As I sit here looking through the rolls of film shot at this year’s Cyclocross Nationals in Chicago, IL, the feeling is bittersweet. Traditionally, Nationals marks the end of the domestic racing season, but as I wandered through the parking lot catching up with old friends, it felt more like the beginning of something. After two years of canceled events, postponements, and isolation, gathering in Chicago for this year’s race almost felt ‘normal.’
Alas, my film returned from the lab almost simultaneously with the start of my symptoms. When I saw the double lines on the at-home Covid test, a giant pit opened up in my stomach. It was a total deflation, and I questioned everything I had done in the past week. Damning things that I thought could have possibly sabotaged my efforts to stay healthy, but in the end, all I could do was accept it and hope for the best.
In between intervals of napping and fistfuls of cold medications, I managed to finish reading Dan Ozzi’s book “Sellout.” Ozzi covers the boom of the recording industries binge on punk bands in the post-Nirvana era. From Green Day to Against Me! the book takes an intimate look at want it meant to “Sellout.” While reading the accounts, I couldn’t help but see a slight similarity in the American cyclocross scene.
For many in the early 2000s, cyclocross was bike racing’s punk rock cousin. It wasn’t road racing, and it wasn’t mountain biking; it was a continuation of the season that made every weekend feel like a muddy party where you got to hang out and enjoy the day with friends after turning yourself inside out. Even the nature of the racing was more akin to a mosh pit than the long orchestral-like crescendo of a road race. A lot of the racing here on the East Coast was very DIY by nature. Friends of friends of friends organized the events, and word spread quickly when a particular course was good.
By 2010 race registration was exploding all over the country. For many events, competitors had to log in to register the minute it was available for fear that it would sell out. For the bigger races on the East Coast, categories from juniors to masters often filled up, sending 120 riders at a time rampaging out on the course. With word of the World Championships to be hosted in Louisville, KY, and the promise of future World Cups events, race promotors nationwide began ramping up their efforts to get noticed. Single-day races added a second day to mimic the bigger races in New England; courses expanded to accommodate the more significant fields and to impress governing bodies.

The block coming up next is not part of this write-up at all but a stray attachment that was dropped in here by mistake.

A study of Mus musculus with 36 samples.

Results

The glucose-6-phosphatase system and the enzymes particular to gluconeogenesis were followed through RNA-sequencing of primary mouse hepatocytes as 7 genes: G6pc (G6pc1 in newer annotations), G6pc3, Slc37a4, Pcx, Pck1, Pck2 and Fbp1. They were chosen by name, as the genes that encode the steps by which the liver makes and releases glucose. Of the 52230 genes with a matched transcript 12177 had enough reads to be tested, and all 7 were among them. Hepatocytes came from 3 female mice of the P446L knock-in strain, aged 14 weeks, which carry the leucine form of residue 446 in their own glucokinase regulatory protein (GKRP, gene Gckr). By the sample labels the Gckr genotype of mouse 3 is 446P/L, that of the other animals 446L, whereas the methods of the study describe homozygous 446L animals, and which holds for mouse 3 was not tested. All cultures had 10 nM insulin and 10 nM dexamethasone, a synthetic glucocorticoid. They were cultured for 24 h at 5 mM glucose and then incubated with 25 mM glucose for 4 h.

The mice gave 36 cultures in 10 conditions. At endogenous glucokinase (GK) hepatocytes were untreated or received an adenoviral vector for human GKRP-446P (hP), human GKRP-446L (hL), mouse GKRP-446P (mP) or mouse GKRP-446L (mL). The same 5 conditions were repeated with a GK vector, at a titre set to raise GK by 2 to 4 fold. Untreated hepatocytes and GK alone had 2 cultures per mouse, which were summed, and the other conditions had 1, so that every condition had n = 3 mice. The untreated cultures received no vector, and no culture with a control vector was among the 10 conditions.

It was as if every race was trying to become a World Cup overnight. Local races were achieving UCI status, allowing top riders to earn points for world rankings in an attempt to be competitive with the ever-dominant Europeans. While every music fan was wearing flannel shirts after seeing “Smells Like Teen Spirit” on MTV, every bike racer was racing cyclocross after the 2013 World Championships in Louisville.
The big events got bigger, and the magic that made cyclocross in America feel special got lost somewhere along the line. Race fees continued to rise to offset the rising cost of promoting large-scale events. Race categories that once busted at the seams began to recede back to numbers before the boom. Even the motherland of New England has seen fewer competitors and events in recent years. If Providence was cyclocross’ “24 Hour Revenge Therapy,” then the KMC ‘Cross Fest was definitely “Dear You,” and a lot of fans weren’t willing to come along for the ride.
Like all things that boom in popularity, holding the high watermark is nearly impossible. At best, humans are fickle creatures, and something newer and shinier will always grab our attention. Much like how the bulk of underground rock music went back to independent labels and college radio, cyclocross in North America is returning to its roots of local series and smaller venues.
The single-speed racing at this year’s Nationals reminded me that cyclocross in North America is unique and special all on its own. Cyclocross here in the states will always be cycling’s loud, dirty, and punk rock little cousin. We don’t need to emulate what the Europeans are doing; we want to participate, not stand idly by eating Frites while a select few get to race. High-five your friends, give them jello shot hand-ups during the race and invite new people to the party, and every thing will be just fine.